A senate inquiry into the future of Australia’s aged care sector workforce, released last month, found that the aged care workforce will need to grow by 2% every year to accommodate the increased demand for services. By 2055, the proportion of Australians over 65 will increase to 22.9 per cent (8.9 million) of the total population and the number of Australians receiving aged care is projected to increase by around 150 per cent over the next 40 years.
On top of an ageing population, the aged care sector has also experienced big changes recently, including an ageing workforce, increasingly complex health needs of people entering aged care, and the shift to care delivery at home to allow people to ‘age in place’ for longer. In addition, the rollout of the National Disability Insurance Scheme (NDIS) adds to pressures on the aged care workforce, as the need for more staff grows across both the disability and aged care sectors.
All of these developments are placing significant pressure on the aged care workforce which is why the government has been under considerable pressure from industry groups, not for profits, and government funded agencies to develop a solution. The inquiry was undertaken to review the current frameworks under which aged care providers recruit, train and retain their workforce, and to anticipate the impact of changes to the aged care service sector.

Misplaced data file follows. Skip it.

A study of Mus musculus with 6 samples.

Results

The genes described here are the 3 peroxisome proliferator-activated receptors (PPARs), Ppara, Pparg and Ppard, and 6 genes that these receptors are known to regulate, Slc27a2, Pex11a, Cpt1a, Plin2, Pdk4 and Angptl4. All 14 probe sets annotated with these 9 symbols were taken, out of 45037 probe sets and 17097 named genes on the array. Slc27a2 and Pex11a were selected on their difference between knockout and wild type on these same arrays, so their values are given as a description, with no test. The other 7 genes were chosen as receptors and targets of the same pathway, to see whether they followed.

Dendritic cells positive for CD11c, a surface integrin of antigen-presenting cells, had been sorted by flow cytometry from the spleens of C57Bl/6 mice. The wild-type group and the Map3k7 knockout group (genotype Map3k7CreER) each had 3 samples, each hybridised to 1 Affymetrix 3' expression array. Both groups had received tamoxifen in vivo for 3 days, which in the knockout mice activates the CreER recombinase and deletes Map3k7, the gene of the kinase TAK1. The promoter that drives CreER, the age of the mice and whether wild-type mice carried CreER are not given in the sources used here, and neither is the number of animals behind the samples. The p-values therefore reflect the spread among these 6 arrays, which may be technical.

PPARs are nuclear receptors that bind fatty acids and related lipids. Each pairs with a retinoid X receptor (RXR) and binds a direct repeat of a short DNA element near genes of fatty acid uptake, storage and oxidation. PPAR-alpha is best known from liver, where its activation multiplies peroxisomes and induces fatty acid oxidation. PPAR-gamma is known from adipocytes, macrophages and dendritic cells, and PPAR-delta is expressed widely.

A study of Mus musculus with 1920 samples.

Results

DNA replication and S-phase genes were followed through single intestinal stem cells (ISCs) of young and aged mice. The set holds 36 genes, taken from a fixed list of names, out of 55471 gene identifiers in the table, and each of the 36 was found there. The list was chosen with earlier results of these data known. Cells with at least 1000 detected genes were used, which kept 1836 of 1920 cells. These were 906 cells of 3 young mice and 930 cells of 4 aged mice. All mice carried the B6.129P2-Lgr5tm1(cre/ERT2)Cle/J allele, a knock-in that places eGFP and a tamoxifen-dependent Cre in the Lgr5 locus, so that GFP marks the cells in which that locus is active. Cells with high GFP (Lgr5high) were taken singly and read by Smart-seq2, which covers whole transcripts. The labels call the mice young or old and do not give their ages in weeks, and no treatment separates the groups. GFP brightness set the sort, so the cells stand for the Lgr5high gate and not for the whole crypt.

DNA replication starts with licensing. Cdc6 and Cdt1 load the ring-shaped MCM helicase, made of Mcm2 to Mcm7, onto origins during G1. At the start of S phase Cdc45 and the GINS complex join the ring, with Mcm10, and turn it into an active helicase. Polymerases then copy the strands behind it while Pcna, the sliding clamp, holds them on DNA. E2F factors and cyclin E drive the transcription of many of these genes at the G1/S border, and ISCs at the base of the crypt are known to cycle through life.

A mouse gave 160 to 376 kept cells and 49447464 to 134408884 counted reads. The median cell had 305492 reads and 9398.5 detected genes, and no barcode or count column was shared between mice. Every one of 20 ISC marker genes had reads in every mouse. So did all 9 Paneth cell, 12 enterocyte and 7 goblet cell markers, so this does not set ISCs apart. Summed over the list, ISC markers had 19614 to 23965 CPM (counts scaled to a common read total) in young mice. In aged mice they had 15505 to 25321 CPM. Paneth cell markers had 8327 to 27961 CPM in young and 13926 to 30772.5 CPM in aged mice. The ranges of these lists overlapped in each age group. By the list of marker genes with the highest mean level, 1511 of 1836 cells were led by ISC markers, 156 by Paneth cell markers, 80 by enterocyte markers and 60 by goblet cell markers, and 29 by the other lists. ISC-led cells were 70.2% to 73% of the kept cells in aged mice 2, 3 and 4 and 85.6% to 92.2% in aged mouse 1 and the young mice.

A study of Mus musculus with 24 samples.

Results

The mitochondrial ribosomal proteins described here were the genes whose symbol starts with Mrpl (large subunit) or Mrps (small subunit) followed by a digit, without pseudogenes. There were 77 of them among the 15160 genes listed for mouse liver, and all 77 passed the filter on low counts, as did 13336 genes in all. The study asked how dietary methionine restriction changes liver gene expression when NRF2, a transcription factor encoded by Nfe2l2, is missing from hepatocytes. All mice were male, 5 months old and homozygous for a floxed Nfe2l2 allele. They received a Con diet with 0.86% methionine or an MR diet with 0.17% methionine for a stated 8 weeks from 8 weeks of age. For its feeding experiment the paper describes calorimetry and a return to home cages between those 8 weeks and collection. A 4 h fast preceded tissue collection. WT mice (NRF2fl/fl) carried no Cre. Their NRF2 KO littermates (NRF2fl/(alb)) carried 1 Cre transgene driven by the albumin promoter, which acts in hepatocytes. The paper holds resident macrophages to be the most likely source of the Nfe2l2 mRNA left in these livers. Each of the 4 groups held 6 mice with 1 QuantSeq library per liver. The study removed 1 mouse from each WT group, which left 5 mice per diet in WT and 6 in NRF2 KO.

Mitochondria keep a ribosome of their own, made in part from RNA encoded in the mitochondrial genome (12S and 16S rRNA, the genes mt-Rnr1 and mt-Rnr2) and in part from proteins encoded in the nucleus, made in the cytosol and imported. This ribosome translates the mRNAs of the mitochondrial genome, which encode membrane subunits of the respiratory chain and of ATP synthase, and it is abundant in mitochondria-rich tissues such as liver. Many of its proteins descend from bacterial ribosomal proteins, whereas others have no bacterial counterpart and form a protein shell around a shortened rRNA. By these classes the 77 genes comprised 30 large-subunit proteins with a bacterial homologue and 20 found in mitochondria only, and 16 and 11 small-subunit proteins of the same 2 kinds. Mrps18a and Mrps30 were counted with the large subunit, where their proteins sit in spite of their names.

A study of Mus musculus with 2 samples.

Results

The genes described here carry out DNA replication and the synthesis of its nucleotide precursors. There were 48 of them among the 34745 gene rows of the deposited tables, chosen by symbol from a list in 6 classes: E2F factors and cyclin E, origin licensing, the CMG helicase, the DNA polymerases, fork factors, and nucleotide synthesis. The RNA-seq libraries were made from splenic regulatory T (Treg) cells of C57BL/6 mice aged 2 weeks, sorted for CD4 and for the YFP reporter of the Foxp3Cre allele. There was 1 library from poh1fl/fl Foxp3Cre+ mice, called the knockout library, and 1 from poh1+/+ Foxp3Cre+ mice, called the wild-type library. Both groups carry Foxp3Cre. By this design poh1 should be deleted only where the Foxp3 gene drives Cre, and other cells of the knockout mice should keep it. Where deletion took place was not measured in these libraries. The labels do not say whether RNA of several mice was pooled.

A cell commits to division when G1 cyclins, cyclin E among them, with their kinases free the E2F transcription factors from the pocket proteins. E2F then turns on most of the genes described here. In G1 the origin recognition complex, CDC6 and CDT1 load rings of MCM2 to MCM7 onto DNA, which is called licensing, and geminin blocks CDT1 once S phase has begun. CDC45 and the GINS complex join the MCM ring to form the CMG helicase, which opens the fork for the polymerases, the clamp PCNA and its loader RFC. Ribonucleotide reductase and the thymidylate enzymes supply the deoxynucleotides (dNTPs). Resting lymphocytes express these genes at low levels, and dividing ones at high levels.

The inquiry’s report made a total of 19 recommendations and will now develop an aged care workforce strategy taskforce to begin working on those recommendations. Some of the key objectives of the task force will involve further development of an agreed industry-wide career structures across the full range of aged care occupations and clear steps to address pay differentials between the aged care and other comparable sectors, including the disability and acute health care sectors.
They’ll also be working on mechanisms to rapidly address staff shortages and other factors impacting on the workloads and health and safety of aged care sector workers, with a particular focus on the needs of regional and remote workers, including accommodation and the development of a coordinated outreach campaign to promote the benefits of working in the aged care sector.
The inquiry also recommended that the government and the aged care workforce strategy taskforce develop a specific plan to support regional and remote aged care workers and service providers to access and deliver aged care training, including addressing issues of the quality of training, upskilling service delivery organisations to deliver in-house training and additional associated costs relating to regional and remotely located staff.
As an industry-leading provider of aged care qualifications, CHARLTON BROWN® is committed to ensuring our graduates are entering the workforce with the skills and knowledge they need to provide the world’s best care to older Australians. While we understand the work is only just beginning on creating a more effective aged care sector in Australia, we commend the government’s commitment to ensuring all elderly Australians are able to receive dignified care in their later years.